What to Do If Your Credit Card Is Closed

The issuer may restore your account with the previous terms, or it may request that you reapply for the card.

woman flipping a closed until further notice sign
(Image credit: Getty Images)

Even those with good-to-great credit face hurdles at times, particularly if you forget about a card collecting proverbial dust in your wallet (opens in new tab). Credit card issuers can close your account due to what's known as "inactivity," meaning you haven’t used the card in a certain amount of time—let's say a year or more—and the issuer now assumes you have no use for that account. However, if even an account is closed all is not lost. You may be able to remedy the situation—especially if it’s a card that you relied on as a backup to your everyday credit card. Plus, keeping a card card active may have benefits for your credit: a canceled credit card may ding your credit score because it reduces your total amount of available credit.

In general, card issuers don’t want to close your account because it’s hard to find and keep a good customer, says credit expert John Ulzheimer, author of The Smart Consumer’s Guide to Good Credit. Use cards you want to keep just often enough to keep them active. You could use the card to automatically pay a recurring bill, for example, such as your gym membership or a subscription. When the bill comes in, pay the entire balance to avoid triggering interest charges. Or shop around for a card that has a lower rate, or a cash-back (opens in new tab) or other reward's program that’s better suited to your spending habits.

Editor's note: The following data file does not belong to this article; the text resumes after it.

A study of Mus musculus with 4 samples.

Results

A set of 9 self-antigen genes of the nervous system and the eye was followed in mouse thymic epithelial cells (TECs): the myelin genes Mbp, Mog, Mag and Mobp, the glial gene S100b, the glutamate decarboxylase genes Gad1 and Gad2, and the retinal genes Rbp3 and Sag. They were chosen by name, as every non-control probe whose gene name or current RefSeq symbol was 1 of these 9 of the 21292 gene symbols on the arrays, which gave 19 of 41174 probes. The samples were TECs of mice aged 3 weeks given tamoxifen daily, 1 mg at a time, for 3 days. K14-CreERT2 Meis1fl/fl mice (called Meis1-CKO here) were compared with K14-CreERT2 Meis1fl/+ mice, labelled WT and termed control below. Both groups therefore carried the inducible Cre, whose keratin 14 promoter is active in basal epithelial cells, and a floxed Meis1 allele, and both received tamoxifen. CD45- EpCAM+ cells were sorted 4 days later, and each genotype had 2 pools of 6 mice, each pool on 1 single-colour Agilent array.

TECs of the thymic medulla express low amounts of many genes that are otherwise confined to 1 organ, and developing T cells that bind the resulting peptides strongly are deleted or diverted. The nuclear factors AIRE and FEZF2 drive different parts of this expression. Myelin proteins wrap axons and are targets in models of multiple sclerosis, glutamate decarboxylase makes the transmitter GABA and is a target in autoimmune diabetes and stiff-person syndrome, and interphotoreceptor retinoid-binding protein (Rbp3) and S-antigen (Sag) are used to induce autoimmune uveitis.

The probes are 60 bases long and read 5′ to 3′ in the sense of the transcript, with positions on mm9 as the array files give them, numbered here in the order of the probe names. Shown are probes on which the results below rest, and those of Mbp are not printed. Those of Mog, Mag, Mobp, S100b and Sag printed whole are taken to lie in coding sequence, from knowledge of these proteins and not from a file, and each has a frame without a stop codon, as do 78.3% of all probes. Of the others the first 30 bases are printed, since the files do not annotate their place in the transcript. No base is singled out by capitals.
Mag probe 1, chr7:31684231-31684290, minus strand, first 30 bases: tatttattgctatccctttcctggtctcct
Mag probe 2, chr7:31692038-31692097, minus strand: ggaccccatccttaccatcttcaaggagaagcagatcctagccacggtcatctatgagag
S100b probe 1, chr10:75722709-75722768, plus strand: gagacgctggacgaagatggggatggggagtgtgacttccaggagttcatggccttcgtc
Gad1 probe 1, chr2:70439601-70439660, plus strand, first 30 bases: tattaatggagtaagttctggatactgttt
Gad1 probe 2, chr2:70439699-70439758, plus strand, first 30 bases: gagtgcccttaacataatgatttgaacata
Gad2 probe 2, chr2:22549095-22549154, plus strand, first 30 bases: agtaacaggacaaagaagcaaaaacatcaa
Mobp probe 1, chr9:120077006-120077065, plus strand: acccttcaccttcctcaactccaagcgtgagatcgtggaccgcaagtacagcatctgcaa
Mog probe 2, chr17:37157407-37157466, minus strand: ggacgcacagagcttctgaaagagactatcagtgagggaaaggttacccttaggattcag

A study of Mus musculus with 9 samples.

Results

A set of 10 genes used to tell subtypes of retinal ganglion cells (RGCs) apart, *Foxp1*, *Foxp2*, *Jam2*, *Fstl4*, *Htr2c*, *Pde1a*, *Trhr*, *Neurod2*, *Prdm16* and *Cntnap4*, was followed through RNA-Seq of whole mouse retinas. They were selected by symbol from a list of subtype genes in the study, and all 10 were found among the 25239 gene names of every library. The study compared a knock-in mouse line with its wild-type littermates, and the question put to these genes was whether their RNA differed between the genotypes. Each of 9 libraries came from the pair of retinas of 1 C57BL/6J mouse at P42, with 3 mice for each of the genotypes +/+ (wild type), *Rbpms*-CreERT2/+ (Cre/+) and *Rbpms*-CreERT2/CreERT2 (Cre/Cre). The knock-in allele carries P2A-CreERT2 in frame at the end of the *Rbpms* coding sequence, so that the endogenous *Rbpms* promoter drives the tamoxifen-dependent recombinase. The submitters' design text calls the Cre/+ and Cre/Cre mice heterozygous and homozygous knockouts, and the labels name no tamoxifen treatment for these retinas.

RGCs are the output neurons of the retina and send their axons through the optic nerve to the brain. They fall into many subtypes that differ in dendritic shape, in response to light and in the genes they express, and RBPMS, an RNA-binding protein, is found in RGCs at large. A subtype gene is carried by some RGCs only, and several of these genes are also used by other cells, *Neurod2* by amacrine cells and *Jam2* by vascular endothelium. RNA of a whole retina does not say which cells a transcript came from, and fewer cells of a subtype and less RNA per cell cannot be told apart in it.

Do I Get Closure Notice?

Your credit card issuer is not likely to tell you if it plans to close your account. However, if you’ve signed up with a credit-monitoring service such as Credit Karma (opens in new tab), you may receive an alert. If that happens, call your issuer right away to see how to get your card reinstated. The issuer may restore your account with the previous terms, or it may request that you reapply for the card. If you lost points because of the closure, ask if those can be reinstated as well—although the issuer has no obligation to do so. If your card is restored with a lower credit limit, wait six months and then ask for an increase.


Rivan V. Stinson
Staff Writer, Kiplinger's Personal Finance

Rivan joined Kiplinger on Leap Day 2016 as a reporter for Kiplinger's Personal Finance magazine. She's now a staff writer for the magazine and helps produce content for Kiplinger.com. A Michigan native, she graduated from the University of Michigan in 2014 and from there freelanced as a local copy editor and proofreader, and served as a research assistant to a local Detroit journalist. Her work has been featured in the Ann Arbor Observer and Sage Business Researcher.